I think Ricky Gervais’s television shows are hilarious, but he really should leave theology to other people. He said in a recent article, A Holiday Message From Ricky Gervais: Why I’m an Atheist:

The existence of God is not subjective. He either exists or he doesn’t. It’s not a matter of opinion. You can have your own opinions. But you can’t have your own facts.

This statement, and several other things about his article, dismayed me. However, his article was also instructive for those who want to look beyond its text. I’ll get to that in a moment.

But first, why did Mr. Gervais and the media choose to release this article right before Christmas? Nice timing. Very respectful. Why is it that Joy Behar storms off her own show because Bill O’Reilly makes a statement about Muslims and everyone cheers her, yet nobody has a problem with Mr. Gervais insulting Christians? Mind you, it doesn’t bother me that his statement bothers people. In fact, those who believe in God (regardless of religious affiliation) should welcome such a challenge. It’s the timing that is disrespectful.

Second, there’s an arrogance that oozes throughout the piece. Mr. Gervais is so insistent that he is right – a trait often exuded by those on the Left — that he subsequently relies on faulty logic and a few bad childhood experiences to bolster his case.

Third, this is just more of the same from Hollywood: the constant denigration of those who believe in God. Don’t believe me? Name ten films out of the thousands produced since 1980 that presented a positive theme about faith in God — not faith in general, or a feel-good spirituality, but the G-word. Now name ten films in which a person who believed in God was cast as a villain. Then take it to television. It’s even worse there.

This is done despite the fact that on any given Sunday morning, you will find over 100 million Christians in the same type of building — a church. The vast majority of people in this country identify themselves as Christian. Yet Hollywood does not seem interested in making more money and generating higher ratings by actually delivering content that reflects the values of the majority of this country.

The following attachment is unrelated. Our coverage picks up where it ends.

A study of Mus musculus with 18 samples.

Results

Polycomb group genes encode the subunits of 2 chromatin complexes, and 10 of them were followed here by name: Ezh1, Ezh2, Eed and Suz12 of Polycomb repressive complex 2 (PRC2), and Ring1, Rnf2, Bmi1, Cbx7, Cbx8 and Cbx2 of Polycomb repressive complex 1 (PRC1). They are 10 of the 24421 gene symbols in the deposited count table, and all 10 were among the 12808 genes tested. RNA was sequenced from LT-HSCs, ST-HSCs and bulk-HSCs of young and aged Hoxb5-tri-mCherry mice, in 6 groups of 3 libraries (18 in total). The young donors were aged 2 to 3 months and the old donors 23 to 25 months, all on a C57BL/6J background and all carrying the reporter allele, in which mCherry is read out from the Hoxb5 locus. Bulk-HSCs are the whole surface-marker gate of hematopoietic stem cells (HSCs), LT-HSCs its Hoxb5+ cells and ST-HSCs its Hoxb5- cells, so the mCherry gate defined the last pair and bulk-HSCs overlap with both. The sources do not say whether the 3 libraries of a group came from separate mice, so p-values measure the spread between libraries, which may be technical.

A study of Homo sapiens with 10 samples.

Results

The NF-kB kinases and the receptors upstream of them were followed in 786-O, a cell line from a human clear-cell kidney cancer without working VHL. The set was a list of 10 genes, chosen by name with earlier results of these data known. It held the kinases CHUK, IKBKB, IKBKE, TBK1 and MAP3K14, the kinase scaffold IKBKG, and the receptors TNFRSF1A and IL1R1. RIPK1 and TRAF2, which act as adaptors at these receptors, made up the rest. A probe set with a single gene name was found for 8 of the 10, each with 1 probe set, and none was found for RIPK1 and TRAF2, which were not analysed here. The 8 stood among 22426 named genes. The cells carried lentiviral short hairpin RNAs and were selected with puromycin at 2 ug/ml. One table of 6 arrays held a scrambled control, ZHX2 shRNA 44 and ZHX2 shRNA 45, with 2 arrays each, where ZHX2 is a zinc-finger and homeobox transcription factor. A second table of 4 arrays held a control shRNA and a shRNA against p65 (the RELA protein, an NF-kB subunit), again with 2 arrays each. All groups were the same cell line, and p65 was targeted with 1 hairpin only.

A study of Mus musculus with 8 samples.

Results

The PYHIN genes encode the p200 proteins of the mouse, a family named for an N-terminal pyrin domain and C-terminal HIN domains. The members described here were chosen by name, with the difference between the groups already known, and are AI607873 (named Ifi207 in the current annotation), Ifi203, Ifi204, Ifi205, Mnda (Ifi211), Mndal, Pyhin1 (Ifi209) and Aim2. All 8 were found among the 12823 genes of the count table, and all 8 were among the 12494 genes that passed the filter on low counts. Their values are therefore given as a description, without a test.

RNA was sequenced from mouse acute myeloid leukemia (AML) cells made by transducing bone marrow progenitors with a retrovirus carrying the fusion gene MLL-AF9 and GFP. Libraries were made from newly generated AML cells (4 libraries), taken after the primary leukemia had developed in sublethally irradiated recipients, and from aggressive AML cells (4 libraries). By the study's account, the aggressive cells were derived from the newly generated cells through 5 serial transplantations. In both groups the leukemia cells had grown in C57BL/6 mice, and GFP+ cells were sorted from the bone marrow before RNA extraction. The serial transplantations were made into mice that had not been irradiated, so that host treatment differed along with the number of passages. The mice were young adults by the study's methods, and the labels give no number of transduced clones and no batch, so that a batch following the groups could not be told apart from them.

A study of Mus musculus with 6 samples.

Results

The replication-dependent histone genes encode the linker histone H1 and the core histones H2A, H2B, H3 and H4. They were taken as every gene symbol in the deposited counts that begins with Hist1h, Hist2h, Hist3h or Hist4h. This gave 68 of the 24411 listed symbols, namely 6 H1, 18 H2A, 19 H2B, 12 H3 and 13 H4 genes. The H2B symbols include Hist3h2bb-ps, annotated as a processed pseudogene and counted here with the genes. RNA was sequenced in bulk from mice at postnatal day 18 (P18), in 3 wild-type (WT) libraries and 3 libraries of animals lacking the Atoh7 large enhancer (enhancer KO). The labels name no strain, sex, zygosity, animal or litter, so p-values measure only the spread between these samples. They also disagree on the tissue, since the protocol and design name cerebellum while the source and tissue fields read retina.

There’s one more item regarding Mr. Gervais’s article that is instructive for all of us. He’s just wrong. God’s existence cannot be proven or disproved via objective means. Therefore, His existence (or lack thereof) is a strictly subjective determination.

To decide whether I was right or Mr. Gervais is right, I took our statements to a friend from college who happens to be a Christian scholar. I handed him both statements without attribution. Here is his reply:

There are very few matters that are truly “objective”. The only ones would be mathematical truths, but everything else is evidential in nature. For instance, how do we know that George Washington was the first president? This cannot be determined “objectively” because we have to depend on written documents handed down to us from many sources. There is ample good evidence that he was first president, so I believe it wholeheartedly, but it cannot be proved in a theoretical, absolute sense, only evidentially. Indeed, this is how our court system works.

We don’t have to have 100% certitude to have knowledge.

So, what is the evidence for God? What evidences for or against God do you find compelling? Some say an absolute good being cannot exist because there is evil in the world. There is archeological evidence surrounding the Old Testament and Jesus Christ, so how does one interpret all of that? We should each go through all the evidence and make a judgment. Many will not do it because they find it too threatening to their way of life, because let’s face it, if God exists, it has enormous implications for this life and the next.

We must make a judgment. In other words, God’s existence is indeed a strictly subjective determination. Argument resolved.

This is what irritated me about Mr. Gervais’s statement. We can have knowledge but not 100% certitude about something. This doesn’t mean we shouldn’t test our knowledge, however, to see how certain we are about something.

A lot of people tromp around all day making illogical statements, having built a subjective reality based upon “knowledge” that has not been tested. In my experience, Conservatives, more often than not, do their best to test their knowledge with logic prior to forming an opinion. Liberals are fueled by emotion, resulting in more questionable knowledge from which they form their opinions.

Ironic, isn’t it, that they are the ones who rely more on faith in their knowledge?

Happy New Year, and remember, a closed mouth catches no flies.